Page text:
Newswise — HOUSTON – (March 2, 2017) – The Robert Wood Johnson Foundation (RWJF) has awarded a three-year, $2.4 million grant to The University of Texas Health Science Center at Houston (UTHealth) to create the Healthy Cities Research Hub: Exploring Drivers of Diabetes and Other Chronic Diseases.
The virtual research hub will focus on the social and environmental conditions that impact health in urban settings throughout North America, facilitating knowledge exchange and evaluating community-based interventions aimed at improving public health in cities.
The grant is awarded at a time when the Type 2 diabetes epidemic is threatening to overwhelm health systems. As urban populations increase, aspects of city lifestyles such as long commutes and time pressure are increasing people’s vulnerability to non-communicable diseases such as Type 2 diabetes. According to the International Diabetes Federation, 415 million people across the world have diabetes, two-thirds of whom are living in urban areas.
The effort represents a unique collaboration with Novo Nordisk, a global health care company, through its Cities Changing Diabetes program, which was developed in partnership with University College London and the Steno Diabetes Center to understand the social and cultural factors behind vulnerability to diabetes in urban settings and reduce its severity in cities. Cities Changing Diabetes engages a range of local partners including diabetes and health organizations, city governments, academic institutions, city experts and civil society organizations. Eight cities across the world are part of the program.
The Healthy Cities Research Hub will work in three North American cities that currently have Cities Changing Diabetes programs in place: Houston, Mexico City and Vancouver. The research hub, funded by RWJF, will focus on extracting and translating the findings from these community-led efforts and sharing the results to help other cities put them into action. This includes developing a framework that evaluates social and cultural factors of health in urban settings, driving action-oriented research, developing activities between researchers and local stakeholders to convert research into new activities and producing toolkits and good practices to inspire other cities.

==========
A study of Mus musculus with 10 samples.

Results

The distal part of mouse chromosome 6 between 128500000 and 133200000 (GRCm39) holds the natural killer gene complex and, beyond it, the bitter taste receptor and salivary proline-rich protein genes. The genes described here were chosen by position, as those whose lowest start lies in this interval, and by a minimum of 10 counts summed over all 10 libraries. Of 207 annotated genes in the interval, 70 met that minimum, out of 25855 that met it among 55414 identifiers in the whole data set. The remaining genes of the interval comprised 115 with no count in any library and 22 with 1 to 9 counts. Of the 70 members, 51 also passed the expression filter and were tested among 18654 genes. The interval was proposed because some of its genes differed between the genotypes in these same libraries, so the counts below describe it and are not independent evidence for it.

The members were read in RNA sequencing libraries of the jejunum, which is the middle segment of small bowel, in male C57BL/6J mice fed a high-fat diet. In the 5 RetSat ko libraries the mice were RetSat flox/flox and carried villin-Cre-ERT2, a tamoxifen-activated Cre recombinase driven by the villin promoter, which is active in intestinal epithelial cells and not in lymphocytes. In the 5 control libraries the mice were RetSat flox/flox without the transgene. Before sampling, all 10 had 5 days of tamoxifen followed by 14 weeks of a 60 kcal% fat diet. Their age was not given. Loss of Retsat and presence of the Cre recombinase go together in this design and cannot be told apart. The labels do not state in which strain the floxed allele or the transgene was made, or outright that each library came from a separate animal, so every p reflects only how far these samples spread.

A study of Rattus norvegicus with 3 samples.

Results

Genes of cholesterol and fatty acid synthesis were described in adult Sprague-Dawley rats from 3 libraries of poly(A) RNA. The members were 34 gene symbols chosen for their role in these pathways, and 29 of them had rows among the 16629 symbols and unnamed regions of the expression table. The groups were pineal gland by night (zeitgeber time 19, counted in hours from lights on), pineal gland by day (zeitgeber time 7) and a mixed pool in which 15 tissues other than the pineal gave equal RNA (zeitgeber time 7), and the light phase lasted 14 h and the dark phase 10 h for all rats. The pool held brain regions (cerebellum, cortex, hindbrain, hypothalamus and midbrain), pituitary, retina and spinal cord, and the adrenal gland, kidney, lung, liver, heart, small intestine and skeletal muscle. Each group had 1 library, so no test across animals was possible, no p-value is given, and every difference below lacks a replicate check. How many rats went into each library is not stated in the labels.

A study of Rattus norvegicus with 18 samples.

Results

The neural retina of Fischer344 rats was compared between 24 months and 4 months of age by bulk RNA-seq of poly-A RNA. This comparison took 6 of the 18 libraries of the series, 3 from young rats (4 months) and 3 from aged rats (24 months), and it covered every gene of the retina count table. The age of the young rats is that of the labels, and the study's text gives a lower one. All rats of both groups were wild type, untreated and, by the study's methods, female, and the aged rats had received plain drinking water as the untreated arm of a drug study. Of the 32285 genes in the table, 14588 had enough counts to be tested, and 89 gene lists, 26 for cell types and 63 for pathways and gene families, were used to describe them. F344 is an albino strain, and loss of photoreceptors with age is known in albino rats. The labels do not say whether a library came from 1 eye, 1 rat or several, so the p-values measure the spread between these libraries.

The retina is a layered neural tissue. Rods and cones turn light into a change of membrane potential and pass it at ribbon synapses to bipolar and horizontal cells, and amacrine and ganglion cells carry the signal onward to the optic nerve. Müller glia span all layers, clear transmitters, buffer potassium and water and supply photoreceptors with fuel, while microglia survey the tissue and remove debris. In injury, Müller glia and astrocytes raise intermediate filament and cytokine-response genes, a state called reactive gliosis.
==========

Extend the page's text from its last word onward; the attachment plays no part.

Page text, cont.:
“This is an opportunity to extend the community-based work of the Cities Changing Diabetes initiative through new tools for evaluation and dissemination so that the results proven here can help other cities,” said Stephen Linder, Ph.D., lead researcher of the project and director of the Institute for Health Policy at UTHealth School of Public Health.
Linder has served as the lead researcher for Cities Changing Diabetes in Houston since the program began locally in 2014. As part of the new grant, he will also work with Cities Changing Diabetes lead researchers in Mexico City and Vancouver to foster collaboration and the exchange of knowledge, experience and insight across the three cities.
“We’re excited to draw out specific lessons from Cities Changing Diabetes’ global work to inform our efforts to transform United States cities into places that enable everyone in our diverse society to lead healthier lives now and for generations to come,” said Alonzo Plough, Ph.D., vice president of Research-Evaluation-Learning and chief science officer at the Robert Wood Johnson Foundation.
“When we initiated Cities Changing Diabetes, our goal was to join forces with cities and community stakeholders to understand and address the urban diabetes challenge — globally and locally,” said Niels Lund, vice president of Health Advocacy at Novo Nordisk. “This collaboration with the Robert Wood Johnson Foundation and UTHealth is an important step forward in this effort and we are proud and honored to be part of it.”
The grant will also allow researchers to further develop Houston’s adaptation of the Cities Changing Diabetes model, which could serve as a blueprint to inspire future cities and communities involved in the program.
Co-investigators from UTHealth School of Public Health include Rebecca Wells, Ph.D., Dritana Marko, M.D., Jessica Tullar, Ph.D., and Ellen Breckenridge, Ph.D., J.D.